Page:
Time flies – it was 25 years ago on Friday voters in the US state of California gave the green light for medical cannabis.
California’s Compassionate Use Act of 1996, Prop. 215, was the first law to legalize the personal use and cultivation of marijuana for medical purposes since prohibition took effect in the United States. The state’s voters approved Prop. 215 with 5,382,915 (55.6%) votes in favor and 4,301,960 (44.4%) against.
The Act protected patients and defined caregivers possessing or cultivating marijuana recommended by a physician from laws that would otherwise see them prosecuted. It also forbid the punishing of physicians recommending the use of medical marijuana.
This occurred in the face of federal prohibition still applying – and while raids and prosecutions from the feds continued for some years, in March 2009 federal officials announced that they would no longer attempt to interfere with medical marijuana distribution/use in the state.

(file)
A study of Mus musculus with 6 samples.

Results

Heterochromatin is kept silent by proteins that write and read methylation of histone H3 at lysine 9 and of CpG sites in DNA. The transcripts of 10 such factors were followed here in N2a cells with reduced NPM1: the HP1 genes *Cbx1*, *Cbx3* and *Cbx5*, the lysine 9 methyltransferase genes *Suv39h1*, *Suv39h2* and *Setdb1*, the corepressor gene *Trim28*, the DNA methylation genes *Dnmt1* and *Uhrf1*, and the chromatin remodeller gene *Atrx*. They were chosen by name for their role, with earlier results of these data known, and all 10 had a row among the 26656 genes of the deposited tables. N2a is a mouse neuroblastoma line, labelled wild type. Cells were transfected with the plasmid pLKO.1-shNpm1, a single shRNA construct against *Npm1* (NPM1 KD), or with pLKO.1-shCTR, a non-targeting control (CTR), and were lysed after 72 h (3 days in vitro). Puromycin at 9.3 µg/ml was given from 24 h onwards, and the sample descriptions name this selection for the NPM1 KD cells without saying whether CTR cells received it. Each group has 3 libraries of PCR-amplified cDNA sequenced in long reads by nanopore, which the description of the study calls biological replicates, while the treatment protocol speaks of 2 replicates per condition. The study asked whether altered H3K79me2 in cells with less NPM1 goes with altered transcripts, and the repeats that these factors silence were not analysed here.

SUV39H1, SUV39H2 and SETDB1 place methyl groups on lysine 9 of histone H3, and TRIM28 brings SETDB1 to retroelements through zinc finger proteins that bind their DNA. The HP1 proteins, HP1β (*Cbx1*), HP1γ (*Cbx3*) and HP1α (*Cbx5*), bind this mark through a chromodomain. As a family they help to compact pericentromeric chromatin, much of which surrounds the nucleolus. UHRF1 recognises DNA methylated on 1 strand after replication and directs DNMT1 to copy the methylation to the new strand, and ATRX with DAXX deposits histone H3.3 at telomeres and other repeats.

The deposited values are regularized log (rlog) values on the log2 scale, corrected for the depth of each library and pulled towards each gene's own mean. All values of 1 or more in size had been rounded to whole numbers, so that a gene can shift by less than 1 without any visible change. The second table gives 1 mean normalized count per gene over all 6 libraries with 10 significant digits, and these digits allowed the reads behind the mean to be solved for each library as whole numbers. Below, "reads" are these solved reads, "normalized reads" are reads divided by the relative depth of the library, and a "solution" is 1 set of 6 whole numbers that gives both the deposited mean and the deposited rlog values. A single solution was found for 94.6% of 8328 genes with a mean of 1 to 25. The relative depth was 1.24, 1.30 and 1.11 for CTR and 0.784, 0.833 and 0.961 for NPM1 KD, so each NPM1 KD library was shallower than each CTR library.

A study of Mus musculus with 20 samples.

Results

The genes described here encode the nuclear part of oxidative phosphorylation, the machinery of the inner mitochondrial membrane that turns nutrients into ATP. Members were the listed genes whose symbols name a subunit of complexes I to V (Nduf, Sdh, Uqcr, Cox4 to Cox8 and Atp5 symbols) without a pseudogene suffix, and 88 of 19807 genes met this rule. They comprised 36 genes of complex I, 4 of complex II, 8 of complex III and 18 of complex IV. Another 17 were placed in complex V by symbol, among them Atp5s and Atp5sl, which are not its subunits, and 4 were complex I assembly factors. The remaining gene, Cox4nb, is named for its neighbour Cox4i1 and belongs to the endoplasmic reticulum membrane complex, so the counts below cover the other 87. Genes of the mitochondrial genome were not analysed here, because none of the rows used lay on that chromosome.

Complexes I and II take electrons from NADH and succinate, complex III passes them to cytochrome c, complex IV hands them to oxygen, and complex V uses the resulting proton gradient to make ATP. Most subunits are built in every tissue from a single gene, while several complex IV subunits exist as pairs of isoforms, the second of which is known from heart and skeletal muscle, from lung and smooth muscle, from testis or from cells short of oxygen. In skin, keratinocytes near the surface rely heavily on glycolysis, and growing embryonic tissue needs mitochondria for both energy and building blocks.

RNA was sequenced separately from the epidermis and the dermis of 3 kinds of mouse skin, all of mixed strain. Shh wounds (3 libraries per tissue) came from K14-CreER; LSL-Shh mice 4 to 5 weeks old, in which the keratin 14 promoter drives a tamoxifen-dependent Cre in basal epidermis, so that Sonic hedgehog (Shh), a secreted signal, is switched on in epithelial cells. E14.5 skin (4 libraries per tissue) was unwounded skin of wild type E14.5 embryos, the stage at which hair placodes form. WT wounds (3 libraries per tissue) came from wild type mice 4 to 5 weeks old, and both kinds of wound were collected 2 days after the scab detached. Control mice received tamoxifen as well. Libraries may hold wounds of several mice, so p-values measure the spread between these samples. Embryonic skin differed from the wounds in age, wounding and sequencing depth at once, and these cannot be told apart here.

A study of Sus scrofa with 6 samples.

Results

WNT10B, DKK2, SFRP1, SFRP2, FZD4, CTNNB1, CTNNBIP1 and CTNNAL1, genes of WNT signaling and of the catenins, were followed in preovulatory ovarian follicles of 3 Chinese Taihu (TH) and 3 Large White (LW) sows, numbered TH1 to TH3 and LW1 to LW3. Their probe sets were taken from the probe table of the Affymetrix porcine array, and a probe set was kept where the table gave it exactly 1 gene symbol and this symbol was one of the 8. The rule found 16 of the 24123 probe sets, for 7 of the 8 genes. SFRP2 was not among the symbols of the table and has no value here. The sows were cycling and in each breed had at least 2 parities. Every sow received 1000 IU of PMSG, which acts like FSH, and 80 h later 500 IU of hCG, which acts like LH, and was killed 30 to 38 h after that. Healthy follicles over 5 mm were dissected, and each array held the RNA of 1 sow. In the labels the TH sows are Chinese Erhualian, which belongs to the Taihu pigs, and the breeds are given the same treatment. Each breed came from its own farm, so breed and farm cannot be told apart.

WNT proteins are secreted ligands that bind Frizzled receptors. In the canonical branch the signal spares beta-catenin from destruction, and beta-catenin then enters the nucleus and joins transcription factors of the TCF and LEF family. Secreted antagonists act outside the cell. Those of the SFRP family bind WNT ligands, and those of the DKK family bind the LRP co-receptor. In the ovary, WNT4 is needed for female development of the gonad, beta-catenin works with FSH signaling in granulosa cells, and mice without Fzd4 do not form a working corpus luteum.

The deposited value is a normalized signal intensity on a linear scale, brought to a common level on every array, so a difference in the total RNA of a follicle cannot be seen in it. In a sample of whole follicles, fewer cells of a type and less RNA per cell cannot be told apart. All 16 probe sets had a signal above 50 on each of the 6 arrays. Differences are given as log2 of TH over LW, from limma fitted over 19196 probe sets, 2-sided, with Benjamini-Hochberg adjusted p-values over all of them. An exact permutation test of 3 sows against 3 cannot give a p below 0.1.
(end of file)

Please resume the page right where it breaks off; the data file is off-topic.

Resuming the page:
Where California went, other states followed – albeit very slowly for the next two decades. But today the majority of states have programs in place, albeit with varying levels of restrictions.
Reflecting on California’s contribution to the evolution of medical marijuana in the USA, NORML states:
“Arguably, none of these political, cultural, and scientific advancements would have been possible without the success of California’s 1996 campaign and the efforts of those activists who worked so hard for the law’s passage a quarter of a century ago.”
Observing the 25th anniversary, NORML organised an event on Friday at the General’s Residence at Fort Mason, San Francisco with various speakers and memorials to those advocates, patients and doctors persecuted prior to the passing of the Act, or who have since passed away.
Under California’s Health and Safety Code, a medical marijuana card holder or one possessing a doctor’s recommendation can have up to eight ounces of dried plant material, plus six mature or 12 immature plants. Patients with a medical cannabis card are exempt from paying sales and use tax that applies to recreational marijuana, can possess more and grow more plants at home.